Three things to know about the Bahrain GP
1. Is this the first time that the F1 season has started in Bahrain?
No: it's actually happened twice before. Bahrain hosted the opening round of the 2006 Formula 1 season on March 12 and also the first round of the 2010 season on March 14. On each of those occasions the circuit layout was different, as the 2010 race used a lengthened 6299-metre layout that took in 24 corners (which was only used once). In 2006 – the third-ever Bahrain Grand Prix – the then-new generation of V8 engines made their debut, with Renault's Fernando Alonso winning the race from fourth on the grid. Michael Schumacher was second for Ferrari, while Kimi Raikkonen's McLaren was an incredible third, having started from last.
Four years later, Alonso won the season-opener in Bahrain once more: his first win as a Ferrari driver. His team mate Felipe Massa was second, ahead of McLaren's Lewis Hamilton in third. Schumacher was sixth on his return to F1 with Mercedes.
2. So how long has the Bahrain International Circuit been around?
For 17 years: the very first Bahrain Grand Prix was held back in 2004. It's been on the calendar every year apart from 2011, when it was cancelled due to civil unrest. However, it made up for that by hosting two races last year – with the Sakhir Grand Prix following the Bahrain Grand Prix – so the record shows 17 races from 17 years, making it an F1 stalwart. Bahrain was significant as it was the very first race to be held in the Middle East, paving the way for a rapid global expansion of Formula 1 into new territories. This year is the first time that Bahrain has been used for official pre-season testing as well, following the cancellation of the planned test sessions in Barcelona this month due to Covid-19 restrictions. However, Bahrain is already a well-known testing venue for Pirelli: back in 2010, when the Italian firm was preparing for its inaugural 2011 season, a lot of the preparation work took place at Sakhir.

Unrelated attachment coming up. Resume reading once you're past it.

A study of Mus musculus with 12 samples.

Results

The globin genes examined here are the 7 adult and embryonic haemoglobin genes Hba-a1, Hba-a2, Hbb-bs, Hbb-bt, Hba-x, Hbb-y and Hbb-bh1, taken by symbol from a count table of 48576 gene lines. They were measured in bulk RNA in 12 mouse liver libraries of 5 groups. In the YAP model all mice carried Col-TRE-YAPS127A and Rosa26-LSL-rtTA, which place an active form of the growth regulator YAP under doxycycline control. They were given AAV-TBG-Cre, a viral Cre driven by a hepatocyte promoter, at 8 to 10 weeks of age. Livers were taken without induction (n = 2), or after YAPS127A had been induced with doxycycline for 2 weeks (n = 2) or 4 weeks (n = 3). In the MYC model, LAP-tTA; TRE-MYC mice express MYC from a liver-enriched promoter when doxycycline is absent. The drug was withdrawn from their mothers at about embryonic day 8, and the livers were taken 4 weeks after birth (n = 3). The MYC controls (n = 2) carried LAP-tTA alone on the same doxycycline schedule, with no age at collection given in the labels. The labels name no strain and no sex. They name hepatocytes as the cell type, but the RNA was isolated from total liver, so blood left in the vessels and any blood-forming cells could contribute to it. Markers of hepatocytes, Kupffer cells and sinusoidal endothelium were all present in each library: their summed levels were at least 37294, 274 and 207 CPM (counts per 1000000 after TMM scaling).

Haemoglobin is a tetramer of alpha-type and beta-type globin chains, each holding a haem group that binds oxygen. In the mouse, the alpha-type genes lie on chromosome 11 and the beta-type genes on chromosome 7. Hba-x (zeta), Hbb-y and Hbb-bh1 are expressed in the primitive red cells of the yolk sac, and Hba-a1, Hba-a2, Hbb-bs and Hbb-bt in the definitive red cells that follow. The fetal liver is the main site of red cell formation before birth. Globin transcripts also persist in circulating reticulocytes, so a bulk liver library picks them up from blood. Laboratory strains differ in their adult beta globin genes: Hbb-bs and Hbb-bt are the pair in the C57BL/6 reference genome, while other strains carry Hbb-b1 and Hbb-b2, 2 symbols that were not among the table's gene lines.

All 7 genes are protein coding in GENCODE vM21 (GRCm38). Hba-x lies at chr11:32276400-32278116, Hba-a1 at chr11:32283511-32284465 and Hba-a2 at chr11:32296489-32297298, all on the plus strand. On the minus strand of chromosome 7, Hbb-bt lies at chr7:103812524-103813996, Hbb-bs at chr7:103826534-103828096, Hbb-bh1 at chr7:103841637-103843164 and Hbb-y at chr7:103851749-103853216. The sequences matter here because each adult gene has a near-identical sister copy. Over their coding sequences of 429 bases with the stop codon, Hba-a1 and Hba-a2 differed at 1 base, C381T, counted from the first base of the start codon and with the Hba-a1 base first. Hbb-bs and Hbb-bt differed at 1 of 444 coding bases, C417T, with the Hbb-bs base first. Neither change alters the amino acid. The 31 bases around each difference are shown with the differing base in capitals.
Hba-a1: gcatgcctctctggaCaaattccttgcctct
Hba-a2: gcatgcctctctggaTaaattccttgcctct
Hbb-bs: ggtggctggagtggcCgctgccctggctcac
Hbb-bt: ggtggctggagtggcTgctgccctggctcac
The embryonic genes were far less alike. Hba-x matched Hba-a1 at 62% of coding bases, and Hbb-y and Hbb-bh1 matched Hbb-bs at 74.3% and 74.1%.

3. What are the characteristics of Bahrain?
Heat, sand, twilight, and aggressive asphalt. The circuit was built in the middle of a desert, which pretty much guarantees warm conditions all year round, as well as plenty of sand and no trouble from the neighbours. There's sometimes a risk of sand blowing onto the circuit (in fact, a Pirelli test many years ago was once interrupted by a sandstorm) but the organisers get round that by using a special glue by the side of the track that traps most of it. Bahrain is also one of three races this year run using floodlights (the other two are Singapore and Abu Dhabi) as it starts at 18:00 and goes on into the evening. The circuit's asphalt is made up of specially-imported British granite, which is particularly abrasive. This has a direct effect on tyre wear, and therefore strategy – making Bahrain a place that often delivers both tense and exciting races.